The other day I mixed a can of Campbell’s Cream of Chicken into left-over brown rice. I added a can of tuna, stirred vigorously. After cooking it into a sort of casserole, I ate it. Yummy.
Isn’t it strange how we find ourselves doing what our parents did at the same age? At 73 (just my age now) “D”, as we called my dad, was a widower who lived alone and existed on concoctions often involving canned soups and leftovers.
D was proud that he could make do on his own, inventing dishes that reflected his frugality. Brimming with pride, he would don his threadbare cook’s apron. He’d ask a grandchild to tie it behind him because he could not manage that arm twist any more.
Then out would come the big pot, the cans, the small custard dishes containing, well, limp leftover carrots, shriveled peas, and always, it seemed, lumpy mashed potatoes.
His grown kids might dutifully nibble at the resulting cacophony of tastes, but the grandchildren, culinary cowards, would either suddenly remember a pressing date, or say they had just finished a “huge” meal.
As for me, I’d generally eat it unless there was fuzzy stuff atop a custard cup leftover. One time I stayed with my dad for several days before my wedding, and he stirred up a breakfast blend in a frying pan.
“This salt pork’s been here a while, but it’s okay, I’m sure,” he promised as he tossed it in. That was my first experience with food poisoning. Luckily I had three days to recover before the wedding, and so all was well.
As D grew into his late 80s, he had his meals delivered. Having lived on institutional food most of his life, he thought the steam table meals were tasty. So good, in fact, that he put the unfinished portions in the trusty custard cups and saved them for “later.” Trouble was “later” might mean a few weeks.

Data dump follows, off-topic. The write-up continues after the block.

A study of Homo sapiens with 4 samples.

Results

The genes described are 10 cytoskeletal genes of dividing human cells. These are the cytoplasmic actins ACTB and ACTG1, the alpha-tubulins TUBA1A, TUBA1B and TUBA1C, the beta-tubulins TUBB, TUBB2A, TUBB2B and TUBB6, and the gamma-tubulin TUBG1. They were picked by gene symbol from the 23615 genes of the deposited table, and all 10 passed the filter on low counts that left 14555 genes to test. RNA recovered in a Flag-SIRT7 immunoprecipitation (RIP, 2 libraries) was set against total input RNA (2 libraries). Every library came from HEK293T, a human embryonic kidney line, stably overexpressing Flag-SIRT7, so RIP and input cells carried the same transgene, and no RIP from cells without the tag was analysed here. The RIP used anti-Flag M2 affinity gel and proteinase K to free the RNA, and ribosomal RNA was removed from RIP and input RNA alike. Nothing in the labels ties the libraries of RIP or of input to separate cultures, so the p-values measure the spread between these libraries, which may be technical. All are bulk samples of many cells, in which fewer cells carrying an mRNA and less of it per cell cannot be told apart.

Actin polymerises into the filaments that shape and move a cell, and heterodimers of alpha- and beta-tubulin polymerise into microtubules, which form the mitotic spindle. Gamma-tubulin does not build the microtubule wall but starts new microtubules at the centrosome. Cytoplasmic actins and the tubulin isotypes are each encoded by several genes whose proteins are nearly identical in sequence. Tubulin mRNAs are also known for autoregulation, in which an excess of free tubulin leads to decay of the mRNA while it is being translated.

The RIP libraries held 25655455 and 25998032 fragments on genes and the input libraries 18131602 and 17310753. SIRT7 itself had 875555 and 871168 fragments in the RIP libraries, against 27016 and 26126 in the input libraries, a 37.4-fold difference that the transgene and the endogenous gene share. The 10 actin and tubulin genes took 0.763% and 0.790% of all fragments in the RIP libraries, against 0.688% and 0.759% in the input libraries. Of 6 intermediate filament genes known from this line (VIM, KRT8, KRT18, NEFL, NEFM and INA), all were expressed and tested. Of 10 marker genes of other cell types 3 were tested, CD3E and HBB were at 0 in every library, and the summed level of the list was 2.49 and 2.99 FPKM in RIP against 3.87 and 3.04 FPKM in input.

As the years went by, and D outlived his friends, he became depressed and less and less able to take care of himself properly, though he would insist he was okay. In his 90s, he began to feel as if he had had enough of life. “One thing about old age,” he would say, ”if something goes wrong with your body you can be sure it will never get better.”
One day my brother Jerry visited and bravely began clearing out the aging leftovers from the fridge. Jerry is not demonstrative unless he’s talking politics, but this time was an exception. Holding up a particularly rancid leftover, he turned to his father and said, “Someday you’re going to kill yourself eating this stuff.”
“So?” my father replied. It didn’t, either. He made it to 97, and died of being worn out.